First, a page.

My note this week is going to be short and focused on one point. I want the impact of my words to be clear.
The eviction notices posted on Emory University’s campus earlier this month by Emory Students for Justice in Palestine said, “Palestinian homes are destroyed as part of the state of Israel’s ongoing attempt to ethnically cleanse the region of its Arab habitants and maintain an exclusively Jewish character of the state.”
The issue I have with this statement being the basis and rationale for posting these eviction notices is that every facet of this statement is categorically false. There is not a shred of factual truth in this statement. Unfortunately, the average reader of this posted notice will have no idea that the writers have just made up this statement in order to support their condemnation of Israel. The average reader will just assume the statement is accurate, or at least mostly accurate.
I have a problem when people are having a debate and one side makes up facts, or outright lies, to prove a point. What is more frustrating is that the onlooker, with little knowledge, just assumes the debater is offering fact, maybe biased, opinionated facts in a worst-case scenario. Most people would not assume the basis for an argument is totally fabricated.
This is not about free speech or even “free speech that I do not like.” This is about someone, or some organization, that is attempting to sway people’s opinion with a known false narrative and outright lies (not even “opinions I do not like.”)
Universities need to safeguard free speech. Universities need to safeguard free dialogue of opinions. Universities should be wary of hate speech, violence-inciting speech, racist speech and the teaching, debate and dissemination of lies and fake information. I know there are people that believe the world is flat and that World War II and the Holocaust did not occur; but, these opinions, often purposely disguised as facts, are totally inaccurate and shouldn’t carry the same protection and freedoms as intellectual debate and free speech.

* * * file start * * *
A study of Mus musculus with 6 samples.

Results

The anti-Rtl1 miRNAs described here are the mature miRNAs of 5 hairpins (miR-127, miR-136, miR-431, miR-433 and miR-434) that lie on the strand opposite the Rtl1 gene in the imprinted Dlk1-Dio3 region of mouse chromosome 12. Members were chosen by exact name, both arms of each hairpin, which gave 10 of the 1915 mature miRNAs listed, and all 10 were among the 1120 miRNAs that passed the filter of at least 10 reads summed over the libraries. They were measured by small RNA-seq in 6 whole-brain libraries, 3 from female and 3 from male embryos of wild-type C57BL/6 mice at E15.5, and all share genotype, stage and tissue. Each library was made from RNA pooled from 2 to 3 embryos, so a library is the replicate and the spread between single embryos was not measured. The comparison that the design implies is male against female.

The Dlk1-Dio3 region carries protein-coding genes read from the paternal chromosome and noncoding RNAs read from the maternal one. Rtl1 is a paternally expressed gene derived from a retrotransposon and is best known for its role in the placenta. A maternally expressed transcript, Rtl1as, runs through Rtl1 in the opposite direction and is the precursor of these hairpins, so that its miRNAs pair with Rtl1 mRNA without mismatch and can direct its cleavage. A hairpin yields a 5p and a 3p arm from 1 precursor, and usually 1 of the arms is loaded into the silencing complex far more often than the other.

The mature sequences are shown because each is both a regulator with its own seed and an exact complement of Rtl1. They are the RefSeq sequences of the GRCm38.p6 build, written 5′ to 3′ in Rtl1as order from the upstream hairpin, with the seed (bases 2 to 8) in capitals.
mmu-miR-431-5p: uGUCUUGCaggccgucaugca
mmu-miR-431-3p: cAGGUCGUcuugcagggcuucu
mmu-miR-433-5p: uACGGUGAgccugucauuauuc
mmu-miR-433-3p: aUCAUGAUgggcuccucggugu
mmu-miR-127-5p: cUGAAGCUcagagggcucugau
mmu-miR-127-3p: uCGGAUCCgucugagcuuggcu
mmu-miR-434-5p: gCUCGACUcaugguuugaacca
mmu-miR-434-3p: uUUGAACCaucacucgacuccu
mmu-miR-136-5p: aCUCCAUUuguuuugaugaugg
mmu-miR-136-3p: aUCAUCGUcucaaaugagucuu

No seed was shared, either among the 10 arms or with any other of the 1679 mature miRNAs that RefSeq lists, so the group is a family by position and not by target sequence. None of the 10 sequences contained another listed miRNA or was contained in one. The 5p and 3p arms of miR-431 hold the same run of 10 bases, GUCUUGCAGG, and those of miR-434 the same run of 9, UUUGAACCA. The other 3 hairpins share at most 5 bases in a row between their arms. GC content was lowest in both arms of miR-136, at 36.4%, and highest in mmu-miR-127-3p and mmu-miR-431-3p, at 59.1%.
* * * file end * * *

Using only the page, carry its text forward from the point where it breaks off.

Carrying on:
Emory is confronted with a reoccurring tactic used by anti-Zionists. Over the past 50 years or so, the Jewish fight for self-preservation (as seen in Holocaust denial, the blood libel, or in this instance, the random/wanton genocidal destruction of Arab homes) has had to argue against an adversary that has no use for the boundary of fact to prove its argument.
Students in the SJP organization are quite content making up facts that sound good to support their cause. That is not to say that Israel hasn’t demolished hundreds of homes of convicted murderers, a known punishment written in law (the murderer is not punished by death). This law, however, is leagues away from ethnic cleansing or acts of genocide. Emory should consider being a leader in stopping the dissemination of false arguments posed as factual dialogue.
The Jewish people understand that it is impossible to win a debate when the other side freely constructs facts to support their argument. The question in front of us is how to convince the rest of the world of this concept.